First Story shared by Faryal Hasan, K-L YES participant in the year 2011-2012. According to Faryal, “Exchange year is not a year in your life, rather life in a year.”
“How does it feel to stand on the icy rocks of the Colorado’s mountains as a think curtain of snow and hail pelt on the crowd? How can you ever give words to that disbelief when you attend a conference conducted by Assistant Secretary of State, Miss Ann Stock? Or that moment of comprehension at seeing everyone, irrespective of color, cast, or region, radiate unadulterated love and genuine understanding towards you? Or the unbridled curiosity of getting acquainted with different cultural idiosyncrasies, the exhilaration of incessant travelling and the contentment of discovering your own self…well, welcome to my exchange year. Exchange year is not a year in your life, rather life in a year. To step out of the comfort of your home; to embark upon a new journey, marks the beginning of a year that changes the course of your entire life.
To start with, I was placed in the snowy state of Colorado. The role of Cultural Ambassador had put a massive responsibility over me, however, the learning and communication that it offered, made the task pleasant. During International Education Week in November, I visited a myriad of places and shared the highlights of Pakistani culture. From the religious people in the Church to the inquisitive students of University of Colorado, everyone exuded utmost interest in Pakistan.
Likewise, my passion for communication played its part, creating more opportunities for me. I was selected in Better Understanding for a Better World Conference 2012 (BUBW) in Florida and CIVIC Education Workshop (CEW) 2012 in DC. BUBW was a High School Youth Leadership and Interfaith Conference, giving me chance to meet people from around 31 different countries, and no wonder, everyone was infused with optimism for a better and more peaceful world. On the contrary, CEW was a conference based on teaching responsibilities of a citizen and functioning of the government. It involved touring monuments and building in DC such as Capital Hills as well as meeting the official, for example, Senator Lugar. Similarly, I participated in Model United Nation Conference, securing Honorary Mention. I also won 2nd position in the State Speech and Debate Tournament. Presidential Award Certificate by President Barak Obama for over 100 hours of community service was another of my achievements.
On another note, my American High School, CIVA Charter School was perhaps the best aspect of my exchange year. The ravens, as the students of CIVA were called, would always extend conciliatory hand toward their fellows. Also, I stepped out my comfort zone, opting for new subjects such as Photography, Advanced Theatre, Jewelry and Ceramics. My favourite class, relationships, was tremendously thought provoking, egging me on to be myself at all times, embrace change and persevere. Fortuitously, I also attended the graduation ceremony, thus becoming a CIVA alumna.
Moreover, I befriended people from all around the world. In fact, my exchange year redefined my understanding of friendship. I started looking beyond ‘trying to fit in’ and would welcome people who accepted me for who I was. I made beautiful friends from Japan, Serbia and Mali. To bide them farewell was the toughest, however, promises to meet again were exchanged.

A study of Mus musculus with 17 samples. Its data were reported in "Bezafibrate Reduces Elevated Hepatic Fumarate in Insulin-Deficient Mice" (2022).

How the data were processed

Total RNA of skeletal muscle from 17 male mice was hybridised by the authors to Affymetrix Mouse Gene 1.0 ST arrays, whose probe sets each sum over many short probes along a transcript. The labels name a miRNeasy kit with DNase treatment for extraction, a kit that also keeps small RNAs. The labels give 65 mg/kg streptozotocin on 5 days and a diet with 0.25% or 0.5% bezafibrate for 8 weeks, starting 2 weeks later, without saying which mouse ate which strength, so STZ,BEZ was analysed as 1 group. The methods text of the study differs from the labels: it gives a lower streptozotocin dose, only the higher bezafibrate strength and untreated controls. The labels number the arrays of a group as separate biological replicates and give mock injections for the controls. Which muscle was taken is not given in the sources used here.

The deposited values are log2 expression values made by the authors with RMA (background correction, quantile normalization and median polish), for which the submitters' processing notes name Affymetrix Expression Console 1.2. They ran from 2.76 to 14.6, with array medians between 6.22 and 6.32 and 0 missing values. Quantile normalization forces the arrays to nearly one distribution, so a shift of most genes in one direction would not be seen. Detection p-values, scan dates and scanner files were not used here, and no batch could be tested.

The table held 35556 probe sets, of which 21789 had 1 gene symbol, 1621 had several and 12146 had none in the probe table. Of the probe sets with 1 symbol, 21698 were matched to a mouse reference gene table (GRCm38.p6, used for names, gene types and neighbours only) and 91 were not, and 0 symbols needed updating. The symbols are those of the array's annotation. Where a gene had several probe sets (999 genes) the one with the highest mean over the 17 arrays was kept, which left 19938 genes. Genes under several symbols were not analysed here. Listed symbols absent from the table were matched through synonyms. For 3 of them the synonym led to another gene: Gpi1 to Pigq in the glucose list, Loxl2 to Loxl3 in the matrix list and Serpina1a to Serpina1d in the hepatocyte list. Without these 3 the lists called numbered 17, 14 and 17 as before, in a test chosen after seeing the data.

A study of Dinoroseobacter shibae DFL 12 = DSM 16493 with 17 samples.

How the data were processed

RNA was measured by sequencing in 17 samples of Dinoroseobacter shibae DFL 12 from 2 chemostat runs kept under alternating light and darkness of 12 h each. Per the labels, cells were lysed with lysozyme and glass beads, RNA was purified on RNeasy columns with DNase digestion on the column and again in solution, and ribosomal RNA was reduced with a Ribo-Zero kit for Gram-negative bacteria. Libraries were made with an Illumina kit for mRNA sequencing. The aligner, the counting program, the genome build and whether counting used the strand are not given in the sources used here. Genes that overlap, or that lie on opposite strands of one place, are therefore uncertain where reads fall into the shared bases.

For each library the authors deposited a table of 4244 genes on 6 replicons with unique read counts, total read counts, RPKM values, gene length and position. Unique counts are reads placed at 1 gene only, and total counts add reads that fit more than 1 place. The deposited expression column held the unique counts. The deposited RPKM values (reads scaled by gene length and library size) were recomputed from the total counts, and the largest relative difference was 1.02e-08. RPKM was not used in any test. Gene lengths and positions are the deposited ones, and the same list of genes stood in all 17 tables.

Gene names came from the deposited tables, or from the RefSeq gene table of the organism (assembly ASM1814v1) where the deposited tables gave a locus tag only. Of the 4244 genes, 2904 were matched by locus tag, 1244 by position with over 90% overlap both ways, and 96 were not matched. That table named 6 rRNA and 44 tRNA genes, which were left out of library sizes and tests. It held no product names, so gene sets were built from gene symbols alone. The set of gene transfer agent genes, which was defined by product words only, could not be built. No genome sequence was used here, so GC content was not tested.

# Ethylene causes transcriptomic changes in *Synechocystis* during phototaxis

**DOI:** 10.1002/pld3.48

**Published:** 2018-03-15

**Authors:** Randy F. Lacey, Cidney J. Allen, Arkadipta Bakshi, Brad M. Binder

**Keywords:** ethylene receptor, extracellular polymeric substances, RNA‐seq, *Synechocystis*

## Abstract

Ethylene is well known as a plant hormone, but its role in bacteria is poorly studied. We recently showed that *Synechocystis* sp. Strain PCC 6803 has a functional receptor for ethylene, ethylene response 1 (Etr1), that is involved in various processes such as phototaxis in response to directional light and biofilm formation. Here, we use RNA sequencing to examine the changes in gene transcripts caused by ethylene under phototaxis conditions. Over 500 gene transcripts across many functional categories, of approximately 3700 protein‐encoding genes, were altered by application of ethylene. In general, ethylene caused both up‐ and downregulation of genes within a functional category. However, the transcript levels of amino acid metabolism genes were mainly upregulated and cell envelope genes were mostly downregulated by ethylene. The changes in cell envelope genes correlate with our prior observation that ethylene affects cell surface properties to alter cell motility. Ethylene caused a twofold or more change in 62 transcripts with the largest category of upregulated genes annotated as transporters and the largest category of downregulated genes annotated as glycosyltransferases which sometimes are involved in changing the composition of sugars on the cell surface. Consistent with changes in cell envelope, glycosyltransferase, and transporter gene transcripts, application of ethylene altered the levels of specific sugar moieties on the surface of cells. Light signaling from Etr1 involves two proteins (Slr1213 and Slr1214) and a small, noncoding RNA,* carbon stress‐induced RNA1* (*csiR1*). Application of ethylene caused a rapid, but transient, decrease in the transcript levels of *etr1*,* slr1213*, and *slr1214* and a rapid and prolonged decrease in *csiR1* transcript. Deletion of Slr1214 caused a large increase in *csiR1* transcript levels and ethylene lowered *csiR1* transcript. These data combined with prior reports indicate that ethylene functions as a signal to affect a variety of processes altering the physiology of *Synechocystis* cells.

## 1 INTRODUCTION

As far as American holidays were concerned, Thanksgiving, Halloween, Homecoming and Christmas were amongst my most rejoiced festivals. During Thanksgiving, I along with my host family went over to my local coordinator’s place to enjoy the big feast. Turkey, Corn bread, cake, you name it. Halloween, on the other end, was spent on Trick or Treating, in which I and my host siblings went around the town asking for sweets. I had dressed up as a doll, where as my little brother had worn a Ninja costume. Homecoming was celebrated in my school, with the theme of Horror Halloween. During Christmas, I spent the day at my American grandparent’s place, sharing gifts and words of love.
No wonder, the most cherished time included the very random moments that happened and lessons learnt. Late-night walks to McDonalds, hang-outs at Movie theatre, crazy sleep-over’s, trying new cuisine, conversations about life, taking risks, confronting problems, and what’s note. My exchange year taught me that ultimately, I would be defined by the things that I refuse to do. Alas, I also became insecure; however, found my way out with a groomed me; a more open-minded, originality-driven, resilient person. I learned to let go of the good to find something better, to accept my present self to improve my future and to stop taking friends for granted. It inculcated in me fellowship for people around the world and turned me into a more amiable and garrulous individual.
Now that my exchange year has come to an end, I have new journeys to undertake. However, the indestructible foundations have been laid. Here is to iEARN Pakistan for initiating this amazing program. Here is to Kennedy-Lugar Youth Exchange and Study Program (YES) and immeasurable opportunities that came with it. Here it to all the memories made and friends found. Most importantly, here is to those life-changing 10 months – my exchange year.”